A Must-Read and Must-Watch to Leap Into

This leap year, we dive into works that explore relationships with time.

Courtesy of Searchlight Pictures

Alphabetical Diaries by Sheila Heti



What do we gain from chronology? From challenging it? These questions are at the fore of Sheila Heti’s latest work, Alphabetical Diaries. The Giller-nominated and Governor General’s award-winning titan of philosophical autofiction—her most recent books, Motherhood and Pure Colour, will be familiar to anyone who has frequented a bookstore in the past half-decade—excises her own diaries, following the logic of letters over time. Heti arranges a decade alphabetically (she used Microsoft Excel to accomplish this feat), each chapter dedicated to sentences beginning with a single letter and proceeding in sequence. This novel format imbues the book with its own uniquely poetic rhythm, casting readers into a sea of repetitions as Heti considers ever-elemental anxieties: romance, writing, finances, and romance again.

Alphabetical Diaries is as intimate and intelligent as one might hope, and Heti’s perfectly executed conceit offers a new prism through which to consider one’s own modern life. Time collapses, moves strangely. We perceive the characters of this book not in linear arcs but in a series of bisection, all in rapid succession and without knowing when any given sentence took place: two years after its antecedent, five before after, six weeks in any direction? Personal archetypes, who friends are to us regardless of time or space, emerge through these arrangements—roles that are perhaps more fixed than anticipated.

In fact, Alphabetical Diaries suggests a fixed aspect to our oscillations. Toward the end of Heti’s T’s: “Toronto felt to me yesterday like putting on soft pajamas. Toronto may well be a coastal city one day. Toronto means nothing to be anymore. Toronto, Toronto, Toronto, fine. Turned off phone. Turned thirty.” The constant rumination on one’s home may be just as revealing as their opinion on it any given year. Time slides by, an incidental afterthought.

Sensitive and rejuvenating, Alphabetical Diaries breaks the reader out of their own patterns and into brilliant new ones. A truly memorable read.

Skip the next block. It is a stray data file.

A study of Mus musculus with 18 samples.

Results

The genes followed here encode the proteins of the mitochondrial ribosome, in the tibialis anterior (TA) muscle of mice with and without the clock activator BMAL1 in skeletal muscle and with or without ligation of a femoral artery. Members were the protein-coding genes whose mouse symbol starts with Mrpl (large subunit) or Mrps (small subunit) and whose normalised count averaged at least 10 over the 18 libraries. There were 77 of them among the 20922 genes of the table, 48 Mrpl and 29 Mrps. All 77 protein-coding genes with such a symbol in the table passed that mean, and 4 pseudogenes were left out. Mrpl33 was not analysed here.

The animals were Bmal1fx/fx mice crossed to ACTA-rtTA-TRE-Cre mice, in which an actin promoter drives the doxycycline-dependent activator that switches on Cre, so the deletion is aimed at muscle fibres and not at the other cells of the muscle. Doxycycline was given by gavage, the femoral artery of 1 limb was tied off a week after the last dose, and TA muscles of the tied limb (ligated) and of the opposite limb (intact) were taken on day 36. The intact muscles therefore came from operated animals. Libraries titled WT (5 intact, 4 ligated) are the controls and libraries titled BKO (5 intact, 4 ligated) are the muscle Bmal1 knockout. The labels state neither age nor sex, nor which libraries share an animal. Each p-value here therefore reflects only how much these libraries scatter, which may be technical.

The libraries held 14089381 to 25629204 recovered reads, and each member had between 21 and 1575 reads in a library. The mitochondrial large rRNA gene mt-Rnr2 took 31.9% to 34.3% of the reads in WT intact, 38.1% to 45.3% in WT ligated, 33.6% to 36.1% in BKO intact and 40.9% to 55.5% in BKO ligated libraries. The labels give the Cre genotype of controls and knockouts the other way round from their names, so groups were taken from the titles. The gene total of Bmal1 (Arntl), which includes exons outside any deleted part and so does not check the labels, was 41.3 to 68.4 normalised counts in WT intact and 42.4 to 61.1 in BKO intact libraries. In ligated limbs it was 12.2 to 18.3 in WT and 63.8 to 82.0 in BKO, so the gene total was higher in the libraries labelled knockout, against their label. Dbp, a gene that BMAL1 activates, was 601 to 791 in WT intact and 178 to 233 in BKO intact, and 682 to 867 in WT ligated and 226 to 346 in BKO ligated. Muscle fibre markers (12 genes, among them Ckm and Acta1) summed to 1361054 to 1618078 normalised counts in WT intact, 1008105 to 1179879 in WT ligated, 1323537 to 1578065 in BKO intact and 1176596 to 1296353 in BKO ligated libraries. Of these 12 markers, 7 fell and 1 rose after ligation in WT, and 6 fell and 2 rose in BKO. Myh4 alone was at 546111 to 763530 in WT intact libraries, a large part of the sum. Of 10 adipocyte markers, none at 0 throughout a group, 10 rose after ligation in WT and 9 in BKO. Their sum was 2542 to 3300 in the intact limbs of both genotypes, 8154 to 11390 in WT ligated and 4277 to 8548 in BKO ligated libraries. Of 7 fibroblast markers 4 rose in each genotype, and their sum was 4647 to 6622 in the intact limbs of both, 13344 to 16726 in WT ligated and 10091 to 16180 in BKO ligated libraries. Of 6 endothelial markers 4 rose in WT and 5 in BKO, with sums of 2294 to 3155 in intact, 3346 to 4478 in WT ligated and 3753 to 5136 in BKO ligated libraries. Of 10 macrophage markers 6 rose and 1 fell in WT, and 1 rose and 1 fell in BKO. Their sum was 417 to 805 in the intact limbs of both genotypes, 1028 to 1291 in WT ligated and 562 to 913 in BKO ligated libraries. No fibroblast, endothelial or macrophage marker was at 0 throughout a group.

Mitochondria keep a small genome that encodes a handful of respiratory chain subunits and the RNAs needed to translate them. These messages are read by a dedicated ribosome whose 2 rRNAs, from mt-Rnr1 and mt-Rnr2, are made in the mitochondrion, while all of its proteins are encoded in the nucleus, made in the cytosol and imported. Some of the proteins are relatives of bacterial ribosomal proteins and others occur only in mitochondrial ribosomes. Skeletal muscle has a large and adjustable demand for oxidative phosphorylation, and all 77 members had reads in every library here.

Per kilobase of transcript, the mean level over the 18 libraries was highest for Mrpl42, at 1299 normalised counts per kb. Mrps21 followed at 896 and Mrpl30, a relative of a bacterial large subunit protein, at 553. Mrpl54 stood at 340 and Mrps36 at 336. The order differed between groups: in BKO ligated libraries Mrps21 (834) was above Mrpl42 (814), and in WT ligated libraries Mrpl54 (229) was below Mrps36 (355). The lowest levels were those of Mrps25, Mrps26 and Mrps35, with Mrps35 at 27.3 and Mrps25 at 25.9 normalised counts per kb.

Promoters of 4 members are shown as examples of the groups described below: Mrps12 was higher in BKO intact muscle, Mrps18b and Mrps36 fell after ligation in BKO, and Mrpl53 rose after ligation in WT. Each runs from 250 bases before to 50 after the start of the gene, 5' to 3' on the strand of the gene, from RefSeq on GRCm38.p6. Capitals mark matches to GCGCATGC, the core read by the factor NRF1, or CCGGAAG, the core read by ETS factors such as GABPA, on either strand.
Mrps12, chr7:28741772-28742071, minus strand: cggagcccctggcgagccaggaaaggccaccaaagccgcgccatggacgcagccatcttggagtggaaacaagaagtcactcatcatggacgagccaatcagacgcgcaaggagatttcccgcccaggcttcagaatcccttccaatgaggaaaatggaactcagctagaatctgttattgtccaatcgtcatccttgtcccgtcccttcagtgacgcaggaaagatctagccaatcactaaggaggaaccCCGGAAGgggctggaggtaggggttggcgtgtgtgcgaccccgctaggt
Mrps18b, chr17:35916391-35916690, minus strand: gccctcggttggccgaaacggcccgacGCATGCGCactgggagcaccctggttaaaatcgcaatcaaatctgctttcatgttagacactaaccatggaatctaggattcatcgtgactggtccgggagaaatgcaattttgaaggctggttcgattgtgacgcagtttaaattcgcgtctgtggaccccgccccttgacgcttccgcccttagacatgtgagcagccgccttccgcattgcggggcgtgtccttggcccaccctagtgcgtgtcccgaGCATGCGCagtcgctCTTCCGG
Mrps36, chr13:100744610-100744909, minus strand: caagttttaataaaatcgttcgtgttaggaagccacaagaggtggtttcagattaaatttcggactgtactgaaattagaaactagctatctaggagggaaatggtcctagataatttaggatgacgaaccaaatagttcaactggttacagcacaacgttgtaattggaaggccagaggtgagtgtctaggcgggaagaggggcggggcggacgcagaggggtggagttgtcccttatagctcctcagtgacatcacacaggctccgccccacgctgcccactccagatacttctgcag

All of Us Strangers, directed by Andrew Haigh



One of the great joys of literature is seeing it transform through forms and adaptations. It’s no small feat for a film to capture the texture and essence of a literary text. Adam Haigh’s All of Us Strangers, adapted from Tachi Yamada’s 1987 novel Strangers, does just that. The film follows Adam (Andrew Scott), an isolated London screenwriter, as he retraces his relationship with his deceased parents and explores a burgeoning romance with his neighbour, Harry (Paul Mescal).

Like Alphabetical Diaries, All of Us Strangers demonstrates a slanted relationship to time. The film follows Adam (played by Andrew Scott), an isolated London screenwriter, as he retraces his relationship with his deceased parents and explores a new, burgeoning romance with his neighbour, Harry (Paul Mescal).

Attempting to write of his childhood, Adam visits his old family home outside the city. To his surprise, his mother and father (Claire Foy and Jamie Bell, respectively) are there—as alive and present as they were just before their deaths, their home as it was in Adam’s pictures, everything intact. This seemingly magical reunion affords both parties a degree of wish fulfillment. Adam’s parents witness him as an adult—delighted to see him healthy, voraciously curious about the person he’s become—and Adam is given the opportunity to open up to them as he couldn’t when a child.



At the same time, Adam and Harry shelter together from the eerie emptiness of their London highrise, striking up a romance that imbues Adam’s modern condo with warmth. Their intimacy is portrayed with moments of awkward shyness, a striking and believable naturalism that is engrossing to watch in Haigh’s beautiful close-ups, his attentive focus on human subtlety.

Throughout the film, Haigh dramatizes the vulnerability of intimacy, the moments when we shy away from it or must come at it slantwise. In one memorable instance, Adam is decorating the Christmas tree with his parents—in the presence of his parents, Scott animates Adam with an incredible, child-like openness—the Pet Shop Boys’ “Always on My Mind” comes on the radio; Adam’s mother hums along, half-apology, half-confession, using the song lyrics as a conduit for a truth that is too hard, just then, to speak directly.

Gorgeously cinematographed, All of Us Strangers has the dimensions of a well-crafted short story. The narrative is compact, but its emotional resonances are deeply earned, anchored by four deft performances. Of them, Scott’s is the standout, carrying Adam’s sensitivity, pain, and joy with a captivating translucence.